Brendan Coppinger and Nessa Coppinger v Edwin Gray and Mozella Johnson (2015) H&FLR 2015-27
Superior Court of the District of Columbia
2 March 2015
Coram: Beck J
Appearing for the Plaintiffs: Eric Klein (of Beveridge & Diamond)
Appearing for the Defendants: Self-represented
Catchwords: District of Columbia – neighbour – smoking – tobacco – negligence – nuisance – trespass – injunction
Facts: The first defendant (Gray) lived in a Washington DC house owned by the second defendant (Johnson). The house had been purchased by their mother in 1964. In mid-2014 the plaintiffs and their infant daughter moved into the adjoining house. The first defendant conceded that from time to time he would smoke tobacco and marijuana and burn incense. The plaintiffs alleged that this caused their house to smell of (or become filled by) smoke, causing loss of amenity and a risk of personal harm.
There was significant evidence that there were cracks in the wall shared by the houses, that the defendants’ chimney was decaying, and that these factors were causing smoke to enter the plaintiffs’ house. The defendants alleged that shoddy renovations to the plaintiffs’ property had left the wall inadequately sealed.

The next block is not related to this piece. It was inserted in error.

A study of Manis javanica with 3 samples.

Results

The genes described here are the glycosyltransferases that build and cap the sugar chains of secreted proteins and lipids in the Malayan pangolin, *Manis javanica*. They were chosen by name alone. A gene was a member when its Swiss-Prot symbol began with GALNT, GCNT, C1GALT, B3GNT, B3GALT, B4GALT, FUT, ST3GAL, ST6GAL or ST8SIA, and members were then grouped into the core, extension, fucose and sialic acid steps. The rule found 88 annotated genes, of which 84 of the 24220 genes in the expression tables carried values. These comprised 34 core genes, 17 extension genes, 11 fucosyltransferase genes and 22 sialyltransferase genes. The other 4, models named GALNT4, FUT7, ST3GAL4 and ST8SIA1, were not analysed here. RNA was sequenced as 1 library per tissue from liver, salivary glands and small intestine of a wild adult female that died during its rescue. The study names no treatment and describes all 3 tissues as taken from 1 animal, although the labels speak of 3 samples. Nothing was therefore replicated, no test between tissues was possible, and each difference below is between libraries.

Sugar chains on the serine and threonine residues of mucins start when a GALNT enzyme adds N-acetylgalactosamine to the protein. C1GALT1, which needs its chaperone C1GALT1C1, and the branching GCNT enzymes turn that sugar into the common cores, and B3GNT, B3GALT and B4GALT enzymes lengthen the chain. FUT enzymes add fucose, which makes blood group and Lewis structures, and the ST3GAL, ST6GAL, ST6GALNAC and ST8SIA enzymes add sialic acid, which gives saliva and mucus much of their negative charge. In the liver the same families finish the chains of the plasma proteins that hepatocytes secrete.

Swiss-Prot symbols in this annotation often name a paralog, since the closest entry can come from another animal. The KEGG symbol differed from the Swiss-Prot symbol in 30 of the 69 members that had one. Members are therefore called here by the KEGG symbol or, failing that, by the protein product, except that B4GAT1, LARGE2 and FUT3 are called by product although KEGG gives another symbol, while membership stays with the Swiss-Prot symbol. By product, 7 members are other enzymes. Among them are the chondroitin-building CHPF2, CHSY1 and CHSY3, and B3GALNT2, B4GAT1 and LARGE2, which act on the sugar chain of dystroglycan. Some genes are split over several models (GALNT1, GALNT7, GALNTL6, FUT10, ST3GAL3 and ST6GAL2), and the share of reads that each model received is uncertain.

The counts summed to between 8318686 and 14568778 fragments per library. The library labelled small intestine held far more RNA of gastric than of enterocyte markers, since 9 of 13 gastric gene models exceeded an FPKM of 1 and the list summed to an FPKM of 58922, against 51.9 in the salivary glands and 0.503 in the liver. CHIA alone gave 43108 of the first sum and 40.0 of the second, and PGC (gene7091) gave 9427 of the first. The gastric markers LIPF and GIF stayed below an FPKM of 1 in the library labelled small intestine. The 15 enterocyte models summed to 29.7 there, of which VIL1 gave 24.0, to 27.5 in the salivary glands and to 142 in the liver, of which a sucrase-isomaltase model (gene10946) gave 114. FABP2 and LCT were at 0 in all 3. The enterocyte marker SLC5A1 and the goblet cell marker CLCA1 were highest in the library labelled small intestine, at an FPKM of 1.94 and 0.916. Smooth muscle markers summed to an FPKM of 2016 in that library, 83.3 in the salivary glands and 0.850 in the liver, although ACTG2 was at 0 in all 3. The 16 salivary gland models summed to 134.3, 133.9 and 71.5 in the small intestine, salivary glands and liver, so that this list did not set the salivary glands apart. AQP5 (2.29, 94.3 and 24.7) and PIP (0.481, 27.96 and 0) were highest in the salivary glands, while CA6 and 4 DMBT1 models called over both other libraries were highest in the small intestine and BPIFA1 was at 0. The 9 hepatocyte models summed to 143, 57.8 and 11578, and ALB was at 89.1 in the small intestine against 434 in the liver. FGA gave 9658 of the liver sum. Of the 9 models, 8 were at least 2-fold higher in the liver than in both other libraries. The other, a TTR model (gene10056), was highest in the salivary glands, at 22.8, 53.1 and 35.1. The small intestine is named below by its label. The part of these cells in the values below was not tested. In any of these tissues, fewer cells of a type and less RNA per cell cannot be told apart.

Discussions between the parties did not resolve the matter and the plaintiffs issued proceedings in negligence, nuisance and trespass and claiming damages. An interlocutory injunction on the defendant smoking in the premises was sought by the plaintiffs.
Held: Granting the injunction, that the defendant be forbidden from smoking any substance whatsoever inside his home. Her Honour further ordered him to refuse to allow any person to reenter the house who smoked in breach of the order. The order was to remain in force until further order or until the matter was finally heard.
No written reasons are available. This report has been prepared based on reports in the Washington Post of 10 March 2015 (here and here), by radio station WTOP and television station WJLA-TV.
Comment: This matter invites comparison with the German case of Proprietor v Adolfs (2014) H&FLR 2014-36. One might infer that the law will be particularly receptive to claims of loss of amenity due to smoking, particularly in light of other cases which suggest tobacco use is coming to be considered a social burden (for example, Police v Dumughn (2002) H&FLR 2015-23 and State v Native Wholesale Supply (2014) H&FLR 2014-32).